Convergence Idea Challenge Winners
By Justin Chen
What does it take to make a scientific breakthrough? A flicker of insight, state-of-the art equipment, years of dogged experimentation, and, perhaps, luck. Another critical ingredient, often overlooked, is the ability to truly integrate specialized skills and processes from a variety of fields such as engineering, physics, and computation with the life sciences. Such integration, termed Convergence Research, is exemplified by the effort to sequence the human genome where chemists tinkered with reactions to sequence DNA, computer scientists pieced together roughly three billion data points into a complete genome, and biologists mapped health outcomes to specific genes.
The time between solving the structure of DNA to assembling the genome sprawled across fifty years, but leading scientists believe that a coordinated Convergence effort will accelerate biomedical research. Already researchers are collaborating to grow replacement organs in laboratories and test cancer vaccines. However, funding for Convergence is scarce and many scientists and engineers at research universities are isolated within their respective departments.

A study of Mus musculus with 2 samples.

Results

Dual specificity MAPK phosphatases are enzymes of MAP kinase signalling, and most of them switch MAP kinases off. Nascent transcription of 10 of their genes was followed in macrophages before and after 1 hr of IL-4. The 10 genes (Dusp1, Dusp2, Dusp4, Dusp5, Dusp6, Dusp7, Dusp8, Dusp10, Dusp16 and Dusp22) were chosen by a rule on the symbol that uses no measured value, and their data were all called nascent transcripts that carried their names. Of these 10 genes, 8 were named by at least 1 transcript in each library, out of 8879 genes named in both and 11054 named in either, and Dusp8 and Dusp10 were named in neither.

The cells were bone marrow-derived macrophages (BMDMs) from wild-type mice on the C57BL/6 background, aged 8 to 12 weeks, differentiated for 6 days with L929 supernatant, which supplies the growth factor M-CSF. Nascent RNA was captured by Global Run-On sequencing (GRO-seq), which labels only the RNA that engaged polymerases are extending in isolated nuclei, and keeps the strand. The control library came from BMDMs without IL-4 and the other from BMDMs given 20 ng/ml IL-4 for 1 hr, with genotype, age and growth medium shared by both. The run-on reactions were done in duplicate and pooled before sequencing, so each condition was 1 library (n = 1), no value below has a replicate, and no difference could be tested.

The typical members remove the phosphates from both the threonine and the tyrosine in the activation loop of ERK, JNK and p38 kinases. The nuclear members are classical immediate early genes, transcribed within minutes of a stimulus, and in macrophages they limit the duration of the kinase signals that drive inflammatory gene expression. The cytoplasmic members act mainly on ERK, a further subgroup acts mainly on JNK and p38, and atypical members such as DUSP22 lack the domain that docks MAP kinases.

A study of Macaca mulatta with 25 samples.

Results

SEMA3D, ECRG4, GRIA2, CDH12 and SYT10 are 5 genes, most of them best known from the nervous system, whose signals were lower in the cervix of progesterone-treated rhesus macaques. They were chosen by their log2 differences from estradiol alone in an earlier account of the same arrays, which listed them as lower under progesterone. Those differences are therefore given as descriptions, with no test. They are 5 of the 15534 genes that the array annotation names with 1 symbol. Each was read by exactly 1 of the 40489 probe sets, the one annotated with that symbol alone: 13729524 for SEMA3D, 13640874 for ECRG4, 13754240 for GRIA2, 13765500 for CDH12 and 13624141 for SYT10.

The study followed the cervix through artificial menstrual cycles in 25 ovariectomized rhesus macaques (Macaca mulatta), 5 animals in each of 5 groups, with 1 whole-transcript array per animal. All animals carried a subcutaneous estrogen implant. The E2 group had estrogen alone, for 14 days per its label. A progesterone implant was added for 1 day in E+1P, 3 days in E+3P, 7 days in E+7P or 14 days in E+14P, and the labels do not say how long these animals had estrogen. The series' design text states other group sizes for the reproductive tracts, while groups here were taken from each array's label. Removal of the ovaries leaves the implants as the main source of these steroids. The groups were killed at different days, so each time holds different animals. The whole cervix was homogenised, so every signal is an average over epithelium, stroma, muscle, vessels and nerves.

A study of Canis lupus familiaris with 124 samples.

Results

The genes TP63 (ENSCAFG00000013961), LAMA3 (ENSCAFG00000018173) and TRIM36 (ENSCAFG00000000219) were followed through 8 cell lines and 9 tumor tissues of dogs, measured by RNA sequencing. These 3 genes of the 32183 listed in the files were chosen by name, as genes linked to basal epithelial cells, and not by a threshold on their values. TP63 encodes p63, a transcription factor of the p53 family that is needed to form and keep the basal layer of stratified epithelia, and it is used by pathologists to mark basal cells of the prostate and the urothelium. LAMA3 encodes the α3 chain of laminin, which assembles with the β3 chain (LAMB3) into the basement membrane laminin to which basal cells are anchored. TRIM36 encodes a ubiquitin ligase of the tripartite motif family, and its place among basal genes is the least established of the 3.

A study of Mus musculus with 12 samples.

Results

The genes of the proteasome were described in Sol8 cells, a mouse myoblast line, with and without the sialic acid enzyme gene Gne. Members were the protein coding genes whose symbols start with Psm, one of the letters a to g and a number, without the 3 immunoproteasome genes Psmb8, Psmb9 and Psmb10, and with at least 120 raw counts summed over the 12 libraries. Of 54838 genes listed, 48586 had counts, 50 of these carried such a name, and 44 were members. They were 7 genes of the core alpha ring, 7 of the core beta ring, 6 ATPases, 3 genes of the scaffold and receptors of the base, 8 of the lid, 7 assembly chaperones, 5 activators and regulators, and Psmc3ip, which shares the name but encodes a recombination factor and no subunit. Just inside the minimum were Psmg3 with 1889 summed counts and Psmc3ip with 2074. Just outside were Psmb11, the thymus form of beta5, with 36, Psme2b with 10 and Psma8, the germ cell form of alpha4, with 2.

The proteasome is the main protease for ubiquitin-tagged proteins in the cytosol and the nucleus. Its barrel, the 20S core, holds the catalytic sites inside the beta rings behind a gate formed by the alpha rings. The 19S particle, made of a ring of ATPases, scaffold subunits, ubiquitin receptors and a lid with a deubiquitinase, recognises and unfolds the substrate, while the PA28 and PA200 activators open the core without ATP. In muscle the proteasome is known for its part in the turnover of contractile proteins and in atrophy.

To encourage Convergence research, MIT directed an Idea Challenge where emerging researchers submitted their most innovative and multidisciplinary ideas for improving human health. The challenge, running from May 22nd to June 24th 2016, garnered entries from across the country. A panel of judges including Nobel Laureate Phillip Sharp, MIT President Emerita Susan Hockfield, and Koch Institute Director Tyler Jacks awarded cash prizes to the top three submissions. Contest entries, posted online, were also eligible for a community choice award.
Read about the winning entries below.
One project was also selected as the Community Choice winner, through an online vote on Facebook. This prize was not exclusive of the others. Over 1,100 votes were cast, and the winner— with 663 votes—was also our first prize choice: “Engineering a Flexible Organic Photovoltaic Cell as an Artificial Retina to Restore Sight: A Promising Vision in Bio-nanoelectronics.”
Congratulations to all who participated! To see all of the entries, please visit the “Convergence Idea Challenge” on Facebook.
Current Convergence-style Initiatives
The Three Revolutions
Find out more about the history of life science in the 20th century, and see why Convergence is considered the third great revolution in this field.